The Trustworthy Accountability Group (TAG) has released updated compliance guidelines for its anti-fraud and anti-piracy programs. Among them is a new requirement that publishers implement the ads.txt standard to become TAG Certified Against Fraud.

Founded by the ANA, 4A’s and IAB, TAG offers marketers a way of verifying companies as legitimate members of the digital advertising industry.

Ads.txt is the Interactive Advertising Bureau Tech Lab’s answer to inventory sales fraud. Publishers add a text file called—you guessed it—Ads.txt to their web servers that lists all of the companies authorized to sell ads on their behalf. This allows buyers to visit the text file and ensure they are purchasing from valid third parties.

For marketers hoping to purchase from multiple publishers, IAB Tech Lab released a web crawler last year that speeds up the process.

TAG CEO Mike Zaneis says these new guidelines will “put teeth” in the ads.txt initiative by requiring publishers to adopt it as a Certified Against Fraud Seal prerequisite. In addition, the new requirements will move the ad buying and publisher communities “from support to action.”

In addition to the new Ads.txt requirement, direct ad buyers must complete TAG Registration, be a TAG member in good standing, have a designated TAG compliance officer, attend annual anti-piracy training, comply with and fully operationalize TAG’s Anti-Piracy Pledge and employ pirate mobile app filtering for all advertising displayed in a mobile app environment.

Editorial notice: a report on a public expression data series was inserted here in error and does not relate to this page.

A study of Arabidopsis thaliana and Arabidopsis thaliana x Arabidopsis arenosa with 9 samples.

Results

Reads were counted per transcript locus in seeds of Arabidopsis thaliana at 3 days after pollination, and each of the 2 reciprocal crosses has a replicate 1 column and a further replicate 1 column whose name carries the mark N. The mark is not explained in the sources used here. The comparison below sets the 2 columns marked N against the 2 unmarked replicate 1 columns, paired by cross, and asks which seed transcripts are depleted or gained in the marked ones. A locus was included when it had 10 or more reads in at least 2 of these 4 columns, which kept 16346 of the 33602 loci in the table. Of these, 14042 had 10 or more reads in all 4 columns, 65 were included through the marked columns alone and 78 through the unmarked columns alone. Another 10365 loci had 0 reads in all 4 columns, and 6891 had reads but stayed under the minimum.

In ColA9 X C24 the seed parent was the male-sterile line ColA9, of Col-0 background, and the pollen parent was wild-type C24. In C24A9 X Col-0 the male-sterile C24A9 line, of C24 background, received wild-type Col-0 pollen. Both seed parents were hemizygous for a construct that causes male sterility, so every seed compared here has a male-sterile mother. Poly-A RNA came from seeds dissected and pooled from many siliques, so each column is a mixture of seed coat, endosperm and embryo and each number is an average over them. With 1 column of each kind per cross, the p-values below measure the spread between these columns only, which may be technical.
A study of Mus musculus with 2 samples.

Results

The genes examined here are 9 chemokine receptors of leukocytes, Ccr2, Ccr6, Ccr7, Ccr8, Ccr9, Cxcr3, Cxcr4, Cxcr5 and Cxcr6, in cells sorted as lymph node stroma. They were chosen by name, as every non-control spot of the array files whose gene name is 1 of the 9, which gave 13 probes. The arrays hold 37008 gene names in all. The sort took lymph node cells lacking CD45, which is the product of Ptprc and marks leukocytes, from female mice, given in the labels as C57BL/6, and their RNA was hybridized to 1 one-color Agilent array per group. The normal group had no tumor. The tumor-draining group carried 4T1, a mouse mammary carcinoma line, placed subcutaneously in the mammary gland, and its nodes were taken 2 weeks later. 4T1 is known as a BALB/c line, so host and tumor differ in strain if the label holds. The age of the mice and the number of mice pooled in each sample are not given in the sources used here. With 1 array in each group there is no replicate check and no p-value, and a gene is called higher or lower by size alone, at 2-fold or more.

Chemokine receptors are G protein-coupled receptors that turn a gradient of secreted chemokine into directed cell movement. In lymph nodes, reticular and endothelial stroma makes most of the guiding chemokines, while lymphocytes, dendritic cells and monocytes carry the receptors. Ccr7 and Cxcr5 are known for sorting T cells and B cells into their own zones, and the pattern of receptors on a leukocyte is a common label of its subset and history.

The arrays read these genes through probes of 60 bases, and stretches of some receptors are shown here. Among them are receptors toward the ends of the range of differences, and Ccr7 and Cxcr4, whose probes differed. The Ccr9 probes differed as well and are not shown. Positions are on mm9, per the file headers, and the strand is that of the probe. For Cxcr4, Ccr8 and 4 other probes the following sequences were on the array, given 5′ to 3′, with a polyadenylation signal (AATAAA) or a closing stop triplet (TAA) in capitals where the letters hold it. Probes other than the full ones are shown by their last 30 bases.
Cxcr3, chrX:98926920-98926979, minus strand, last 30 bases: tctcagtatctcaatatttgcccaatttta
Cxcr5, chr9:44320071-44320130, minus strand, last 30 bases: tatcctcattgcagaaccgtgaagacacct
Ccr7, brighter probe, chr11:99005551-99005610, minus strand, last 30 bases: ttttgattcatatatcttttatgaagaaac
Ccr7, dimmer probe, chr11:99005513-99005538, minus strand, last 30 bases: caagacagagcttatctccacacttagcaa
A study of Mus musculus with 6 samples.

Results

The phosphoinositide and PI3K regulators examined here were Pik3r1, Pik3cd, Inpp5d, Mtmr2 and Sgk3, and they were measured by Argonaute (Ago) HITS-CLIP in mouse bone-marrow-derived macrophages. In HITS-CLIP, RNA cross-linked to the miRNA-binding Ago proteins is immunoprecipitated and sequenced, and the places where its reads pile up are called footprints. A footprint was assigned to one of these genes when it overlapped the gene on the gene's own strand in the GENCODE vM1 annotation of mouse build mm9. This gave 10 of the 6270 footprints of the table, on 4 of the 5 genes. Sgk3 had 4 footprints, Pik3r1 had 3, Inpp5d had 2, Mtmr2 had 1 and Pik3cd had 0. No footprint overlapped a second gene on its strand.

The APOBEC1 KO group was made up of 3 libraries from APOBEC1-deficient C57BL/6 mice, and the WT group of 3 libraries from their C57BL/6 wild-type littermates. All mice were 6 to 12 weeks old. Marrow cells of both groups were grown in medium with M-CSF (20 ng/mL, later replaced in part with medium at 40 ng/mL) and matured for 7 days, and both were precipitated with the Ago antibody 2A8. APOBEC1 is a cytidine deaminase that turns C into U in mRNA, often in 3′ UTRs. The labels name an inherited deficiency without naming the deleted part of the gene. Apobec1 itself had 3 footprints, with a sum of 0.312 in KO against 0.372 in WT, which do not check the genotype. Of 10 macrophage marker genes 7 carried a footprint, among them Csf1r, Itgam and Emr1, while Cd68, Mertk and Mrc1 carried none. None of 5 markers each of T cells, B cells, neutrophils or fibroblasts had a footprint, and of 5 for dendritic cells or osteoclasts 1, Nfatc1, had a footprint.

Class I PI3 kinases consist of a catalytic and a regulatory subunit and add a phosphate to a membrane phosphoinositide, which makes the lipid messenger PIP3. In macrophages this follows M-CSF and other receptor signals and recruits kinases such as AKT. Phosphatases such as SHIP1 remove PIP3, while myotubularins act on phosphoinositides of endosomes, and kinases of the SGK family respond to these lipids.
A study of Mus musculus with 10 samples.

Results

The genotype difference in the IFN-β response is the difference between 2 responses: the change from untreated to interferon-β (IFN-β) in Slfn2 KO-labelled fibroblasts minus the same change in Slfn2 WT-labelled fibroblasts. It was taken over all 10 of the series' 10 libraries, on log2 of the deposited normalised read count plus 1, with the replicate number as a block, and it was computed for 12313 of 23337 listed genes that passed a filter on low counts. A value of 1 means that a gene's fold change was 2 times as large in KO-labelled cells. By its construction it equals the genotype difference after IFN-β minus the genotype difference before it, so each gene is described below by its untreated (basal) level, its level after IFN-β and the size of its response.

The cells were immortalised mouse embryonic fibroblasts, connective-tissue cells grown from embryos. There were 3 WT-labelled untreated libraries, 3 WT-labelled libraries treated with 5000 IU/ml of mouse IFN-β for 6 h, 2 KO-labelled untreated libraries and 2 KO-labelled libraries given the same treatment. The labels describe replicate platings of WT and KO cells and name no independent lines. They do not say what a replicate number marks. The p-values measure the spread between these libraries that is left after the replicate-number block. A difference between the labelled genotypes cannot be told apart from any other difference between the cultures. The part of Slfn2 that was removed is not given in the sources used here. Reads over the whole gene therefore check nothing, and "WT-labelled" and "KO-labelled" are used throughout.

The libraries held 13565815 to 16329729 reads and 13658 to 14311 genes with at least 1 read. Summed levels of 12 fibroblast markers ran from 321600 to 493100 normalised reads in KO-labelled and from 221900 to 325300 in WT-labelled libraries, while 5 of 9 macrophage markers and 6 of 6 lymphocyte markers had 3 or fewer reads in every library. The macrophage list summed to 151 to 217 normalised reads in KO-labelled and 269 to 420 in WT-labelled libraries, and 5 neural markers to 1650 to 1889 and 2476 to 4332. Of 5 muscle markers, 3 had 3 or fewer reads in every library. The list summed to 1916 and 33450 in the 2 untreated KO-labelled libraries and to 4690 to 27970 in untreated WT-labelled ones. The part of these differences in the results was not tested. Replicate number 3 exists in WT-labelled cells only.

Publishers hoping to receive the TAG Certified Against Fraud seal must also meet the TAG Registration, good standing, compliance officer and training requirements, as well as ensuring that their properties do not block or unduly restrict the use of anti-piracy software. Based on the degree to which publishers host user-generated content, additional requirements may apply.

These new requirements will go into effect and be subject to TAG enforcement on July 1. New applicants for the TAG Certified Against Fraud seal will be will be evaluated against the updated guidelines. Companies that currently hold the Certified Against Fraud and/or Certified Against Piracy Seals, however, must come into compliance by that time.

It is estimated that marketers lose around $7.2 billion per year to ad fraud, piracy and malware. Last year, Proctor & Gamble—a company that spends over $7 billion per year on advertising—announced that it would no longer buy media from companies who are not TAG certified.

A March 2017 report by Forrester says that programmatic media and video are the primary causes of ad fraud spending “wastage.” If the problem is not addressed, that number may grow to $10.9 billion by 2021, the company warns.

Thus far, studies have found TAG’s Certified Against Fraud and Certified Against Piracy Programs effective against criminal activities. A December study conducted by The 614 Group tested the theory that using only TAG Certified channels would reduce or eliminate invalid traffic when compared to the industry average. Running impressions through TAG Certified channels resulted in a reduction of invalid traffic by 83 percent.